Il Parlatore eterno / Il Tabarro
At Teatro Filarmonico in Verona, a special evening of two one-act operas awaits: Il Parlatore eterno by Amilcare Ponchielli and Il Tabarro by Giacomo Puccini. The former, a comedy, starts out the programme on a light note, while the latter, a drama with a sinister twist, expertly brings the mood down in a bone-chilling fashion. As a double feature, the works fit together splendidly and exemplify the variety and charms of Italian opera of the late 19th and early 20th century.
Amilcare Ponchielli premiered Il parlatore eterno on 18 October 1873 at Teatro Sociale in Lecco, Lombardy. Its librettist, the famous Antonio Ghislanzoni, used the French play Le Parleur éternel (1805) by Charles-Maurice Descombes as his source text. Ponchielli was initially uneasy about doing a comedy since he had no experience in the genre, but the result was something for the history books. Not only do the melodies of Il Parlatore eterno flow with charm and ease, but the main character of the opera is unparalleled in the repertoire. Lelio, the protagonist and the ‘eternal talker’ from the piece’s title, lives up to his nickname by literally singing throughout the whole one-act work. The rest of the characters are mute until the final number. It is an experience that needs to be lived to be believed!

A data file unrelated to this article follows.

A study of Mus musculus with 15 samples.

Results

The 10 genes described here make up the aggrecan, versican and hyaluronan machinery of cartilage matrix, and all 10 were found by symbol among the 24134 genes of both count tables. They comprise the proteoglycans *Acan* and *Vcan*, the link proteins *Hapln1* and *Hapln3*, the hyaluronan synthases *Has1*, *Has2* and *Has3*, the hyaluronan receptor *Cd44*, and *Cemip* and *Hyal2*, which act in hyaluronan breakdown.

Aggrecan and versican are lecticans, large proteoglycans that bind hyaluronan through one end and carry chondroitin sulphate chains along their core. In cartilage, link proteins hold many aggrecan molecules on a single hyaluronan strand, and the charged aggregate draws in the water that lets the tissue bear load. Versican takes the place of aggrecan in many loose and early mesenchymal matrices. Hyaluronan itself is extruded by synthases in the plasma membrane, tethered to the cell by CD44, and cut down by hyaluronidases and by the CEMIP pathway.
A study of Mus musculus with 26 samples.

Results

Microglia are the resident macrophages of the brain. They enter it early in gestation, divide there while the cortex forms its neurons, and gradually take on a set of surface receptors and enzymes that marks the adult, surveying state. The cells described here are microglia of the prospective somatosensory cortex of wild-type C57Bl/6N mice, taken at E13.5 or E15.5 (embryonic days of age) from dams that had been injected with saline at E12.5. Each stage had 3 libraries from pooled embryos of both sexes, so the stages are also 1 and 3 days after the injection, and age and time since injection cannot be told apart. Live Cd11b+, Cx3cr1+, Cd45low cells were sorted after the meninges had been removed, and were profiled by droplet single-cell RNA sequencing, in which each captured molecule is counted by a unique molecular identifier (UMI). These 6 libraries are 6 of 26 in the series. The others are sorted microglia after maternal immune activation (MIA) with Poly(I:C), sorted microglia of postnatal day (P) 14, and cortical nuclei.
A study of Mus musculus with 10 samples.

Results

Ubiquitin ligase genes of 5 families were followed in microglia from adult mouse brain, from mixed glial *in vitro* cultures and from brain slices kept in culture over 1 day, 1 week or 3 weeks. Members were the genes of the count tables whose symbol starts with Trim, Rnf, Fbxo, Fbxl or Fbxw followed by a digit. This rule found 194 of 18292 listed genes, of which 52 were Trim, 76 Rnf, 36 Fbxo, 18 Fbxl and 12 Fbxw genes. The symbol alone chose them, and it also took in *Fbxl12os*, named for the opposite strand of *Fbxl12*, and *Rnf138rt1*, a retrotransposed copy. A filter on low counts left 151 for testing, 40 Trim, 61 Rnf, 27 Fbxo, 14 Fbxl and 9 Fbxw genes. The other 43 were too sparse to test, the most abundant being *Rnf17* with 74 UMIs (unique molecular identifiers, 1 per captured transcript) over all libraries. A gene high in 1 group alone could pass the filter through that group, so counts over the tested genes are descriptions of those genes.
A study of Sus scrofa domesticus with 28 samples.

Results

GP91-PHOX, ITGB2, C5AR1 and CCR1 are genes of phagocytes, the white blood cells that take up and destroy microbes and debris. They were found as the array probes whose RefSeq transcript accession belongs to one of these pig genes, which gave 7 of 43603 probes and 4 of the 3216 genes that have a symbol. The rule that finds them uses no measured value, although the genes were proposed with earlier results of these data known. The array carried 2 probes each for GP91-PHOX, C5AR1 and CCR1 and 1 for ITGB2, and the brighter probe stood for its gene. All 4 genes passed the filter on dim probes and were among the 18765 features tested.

After the oddly intriguing comedy, Giacomo Puccini’s Il Tabarro, first performed at New York's Metropolitan Opera House on 14 December 1918, quickly shifts gears and sinks the audience in the grim reality of the Parisian working class of the early 20th century. The action centres on a love triangle between Michele, the owner of a barge on the Seine, his unfaithful wife Giorgetta, and Luigi, her lover and an employee of Michele’s. Times are hard, which make business even more meagre than usual, so Luigi is liable to get fired, but Giorgetta intervenes to defend him, raising Michele’s suspicions. As he comes to terms with his wife’s infidelity, he reminisces about their happier times when he would fit both Giorgetta and their son under his massive cloak (or ‘tabarro’, from whence the opera’s title comes). The child has tragically passed away, but the cloak is still around, and it is about to hide a shocking and gruesome surprise.
The double feature of Ponchielli and Puccini one-act wonders at Teatro Filarmonico will make audiences laugh, gasp, and cry in a thoroughly entertaining evening in Verona.